A. Many HTM departments use COSR as a benchmarking tool. You should be benchmarking yourself annually to your previous years and also against other hospitals inside and outside your organization. A successful department can use this information to share with your C-Suite. Benchmarking helps departments justify budgets and will show if you are on track or if there are opportunities. Your CMMS system must be accurate, this is the primary tool for benchmarking, budgeting, meeting regulatory requirements and showing all the savings you provide or show those opportunities to spend money on training to bring costs down.
Telling your story to the C-Suite or those you report to will be more difficult. Dollars are very important in healthcare and showing you are benchmarking against yourself and others is important. Almost every department in a hospital uses some type of benchmarking to prove they are keeping costs down.
A. There are several external benchmark solutions in the industry. Larger organizations can benchmark internally quite effectively. The accuracy of your CMMS system cannot be overstated here. When using external benchmarking sources it is difficult to know the accuracy of “others” in the comparison pool. How are devices inventoried? Are all expenses captured (i.e. imaging oncology, lab including contracts)? How is equipment value determined (price paid vs. list price vs. some other data source)? Are all FTEs accounted for (lab, imaging services)? Are score of services the same? And the list goes on. An apples to apples comparisons is very difficult. Universally, benchmarking is much more effective than comparisons based solely or primarily on FTE counts or productivity metrics.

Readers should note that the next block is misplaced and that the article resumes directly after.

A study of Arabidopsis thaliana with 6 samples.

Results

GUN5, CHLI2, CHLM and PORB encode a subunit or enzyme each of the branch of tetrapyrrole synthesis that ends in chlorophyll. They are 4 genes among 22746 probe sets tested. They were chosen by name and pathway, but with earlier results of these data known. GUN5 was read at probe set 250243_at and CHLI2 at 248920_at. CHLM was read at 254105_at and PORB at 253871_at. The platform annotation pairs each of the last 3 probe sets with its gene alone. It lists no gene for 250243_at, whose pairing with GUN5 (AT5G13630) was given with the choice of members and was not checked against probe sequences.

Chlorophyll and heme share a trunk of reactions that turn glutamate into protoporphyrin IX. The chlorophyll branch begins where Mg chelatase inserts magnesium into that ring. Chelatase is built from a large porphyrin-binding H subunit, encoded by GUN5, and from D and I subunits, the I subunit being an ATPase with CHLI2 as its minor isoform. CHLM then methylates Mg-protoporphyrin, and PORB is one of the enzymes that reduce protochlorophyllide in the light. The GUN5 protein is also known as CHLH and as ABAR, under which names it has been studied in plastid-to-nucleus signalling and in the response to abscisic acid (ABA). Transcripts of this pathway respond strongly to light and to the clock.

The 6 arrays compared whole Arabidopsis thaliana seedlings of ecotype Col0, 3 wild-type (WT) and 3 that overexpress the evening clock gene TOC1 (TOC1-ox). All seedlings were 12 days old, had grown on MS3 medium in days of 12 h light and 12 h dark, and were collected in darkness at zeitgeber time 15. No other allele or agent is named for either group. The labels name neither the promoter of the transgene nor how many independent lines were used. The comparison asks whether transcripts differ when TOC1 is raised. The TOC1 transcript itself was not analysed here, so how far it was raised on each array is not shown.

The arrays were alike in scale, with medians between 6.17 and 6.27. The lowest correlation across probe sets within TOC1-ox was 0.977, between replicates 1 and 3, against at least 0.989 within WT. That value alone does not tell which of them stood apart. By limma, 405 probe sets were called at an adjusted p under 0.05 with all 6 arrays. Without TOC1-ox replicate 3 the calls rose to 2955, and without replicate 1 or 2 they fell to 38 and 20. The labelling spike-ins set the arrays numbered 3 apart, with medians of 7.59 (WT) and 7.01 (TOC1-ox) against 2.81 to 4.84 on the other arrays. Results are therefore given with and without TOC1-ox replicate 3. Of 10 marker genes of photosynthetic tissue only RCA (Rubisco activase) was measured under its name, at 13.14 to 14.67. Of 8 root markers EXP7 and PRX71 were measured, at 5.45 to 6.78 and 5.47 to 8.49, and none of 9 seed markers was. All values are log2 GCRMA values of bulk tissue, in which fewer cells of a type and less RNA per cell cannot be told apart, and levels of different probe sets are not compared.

A. We tried benchmarking here for a while. What a disaster! The questions could be read four or five different ways, and who is to say the way you are reading it is the same way others are. Years and years ago, the VA had a thing called the BERS survey every year. It used very strict definitions so everyone was answering the same way.
A. We have been benchmarking internally for years. However, when I tried a couple of the benchmarking products the information was basically useless for comparisons. There was not enough standardization across the board to make the information meaningful. I took the information that I was able to mine from the software products to our safety committee and they found it just as meaningless. Benchmarking internally to see where we were doing well or needed improvement has by far been the best source of useful information. Until someone offers a product that can provide reliable and standardized information for comparing HTM programs, I plan on just doing the internal benchmarking and will keep an eye on where the vendors are going with their products.
A. How about using COSR as the main metric to benchmark? You can then use the high or low COSR to drill down to figure out why the COSR is higher or lower than others. The best thing about COSR is that it allows you to benchmark against any hospital, any size, and services. See the July 2013 article in TechNation for a complete description and explanation.
A. We frequently have them come down for repair and 85 percent of the time no problem is found.
A. We have 25 units and average about one every six months that needs to be sent in for repair.